So last night I was simply too tired by the time egg pulling came around; I took a calculated risk and left the eggs with the parents overnight.  I left a few extra lights on in the fishroom.
Come morning, most of the eggs were still there.  Great I thought…I’ll pull them tonight and I’ll get a BIG hatch instead of this paltry premature hatch I seem to get with the rest of the eggs dying.
10:30 PM, I head down to the fishroom…eggs are gone.  Spawn #11 is done.
Carl W. Phillips Jr. mentioned something on the Lightning Maroon Clownfish Facebook Page  early today.  “I’m not an expert but maybe the eggs weren’t viable???”  And the question I find myself asking this evening – did the eggs hatch during the middle of the day, or were the dead and the parents ate them?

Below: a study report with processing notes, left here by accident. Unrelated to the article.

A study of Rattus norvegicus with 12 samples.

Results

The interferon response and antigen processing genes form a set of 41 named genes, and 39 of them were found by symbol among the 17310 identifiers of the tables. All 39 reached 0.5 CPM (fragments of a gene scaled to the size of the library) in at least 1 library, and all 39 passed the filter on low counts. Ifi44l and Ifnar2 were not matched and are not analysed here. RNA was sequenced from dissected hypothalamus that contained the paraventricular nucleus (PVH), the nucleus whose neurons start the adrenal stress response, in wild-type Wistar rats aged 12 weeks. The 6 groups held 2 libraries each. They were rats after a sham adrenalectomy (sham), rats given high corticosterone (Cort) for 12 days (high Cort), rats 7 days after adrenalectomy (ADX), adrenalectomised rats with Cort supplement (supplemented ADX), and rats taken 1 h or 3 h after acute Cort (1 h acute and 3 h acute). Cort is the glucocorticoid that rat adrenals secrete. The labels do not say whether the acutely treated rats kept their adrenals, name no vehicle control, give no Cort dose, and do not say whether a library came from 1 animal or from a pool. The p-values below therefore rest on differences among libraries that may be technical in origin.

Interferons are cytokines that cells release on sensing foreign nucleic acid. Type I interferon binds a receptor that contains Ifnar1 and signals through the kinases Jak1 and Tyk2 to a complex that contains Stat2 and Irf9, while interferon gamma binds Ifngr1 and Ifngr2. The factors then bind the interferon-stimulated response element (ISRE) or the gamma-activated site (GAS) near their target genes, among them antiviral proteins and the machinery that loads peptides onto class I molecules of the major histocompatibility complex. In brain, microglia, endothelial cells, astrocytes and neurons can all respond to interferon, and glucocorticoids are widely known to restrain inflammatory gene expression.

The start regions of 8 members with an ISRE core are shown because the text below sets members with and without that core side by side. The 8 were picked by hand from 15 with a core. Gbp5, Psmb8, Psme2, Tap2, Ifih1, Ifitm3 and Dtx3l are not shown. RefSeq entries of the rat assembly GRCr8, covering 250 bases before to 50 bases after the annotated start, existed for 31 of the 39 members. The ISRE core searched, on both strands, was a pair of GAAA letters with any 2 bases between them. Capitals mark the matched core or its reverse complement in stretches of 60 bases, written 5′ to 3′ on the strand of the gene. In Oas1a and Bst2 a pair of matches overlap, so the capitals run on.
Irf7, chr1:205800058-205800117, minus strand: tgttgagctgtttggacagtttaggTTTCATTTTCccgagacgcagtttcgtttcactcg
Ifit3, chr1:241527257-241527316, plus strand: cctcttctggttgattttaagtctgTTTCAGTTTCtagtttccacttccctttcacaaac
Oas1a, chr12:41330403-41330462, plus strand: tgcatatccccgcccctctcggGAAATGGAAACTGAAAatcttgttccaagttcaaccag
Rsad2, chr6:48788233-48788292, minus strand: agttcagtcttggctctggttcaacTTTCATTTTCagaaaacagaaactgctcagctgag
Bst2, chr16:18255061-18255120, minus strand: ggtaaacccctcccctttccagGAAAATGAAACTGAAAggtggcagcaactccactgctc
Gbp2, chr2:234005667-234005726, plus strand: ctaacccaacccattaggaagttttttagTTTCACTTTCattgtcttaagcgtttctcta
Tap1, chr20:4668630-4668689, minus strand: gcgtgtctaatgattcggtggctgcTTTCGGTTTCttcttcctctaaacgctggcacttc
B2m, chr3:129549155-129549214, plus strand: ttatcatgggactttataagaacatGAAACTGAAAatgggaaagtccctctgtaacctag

This jogged my memory on something I had been thinking when I saw the mass mortality of eggs on the 2nd day holding the eggs for hatching with spawn #10.  Maybe the reason I’m not getting many eggs to hatch is that there is something wrong with the eggs in the first place.
Going back to Joyce Wilkerson’s bible, Clownfishes, I recall that egg hatching failure was attributed to diet.  Specifically, too much chiton in the diet, presumably from crustacean food sources.  I don’t think I have excessive chiton by any stretch; it could be something entirely different.
My options – larval snagger (to catch larvae hatching by the parents…assuming the eggs are viable) – disinfection (in case this mortality is being caused by some external problem) – diet alterations (I have some ideas on how to change).
Hopefully the now routine spawns with this pair continue so I can FINALLY get down to the bottom of things.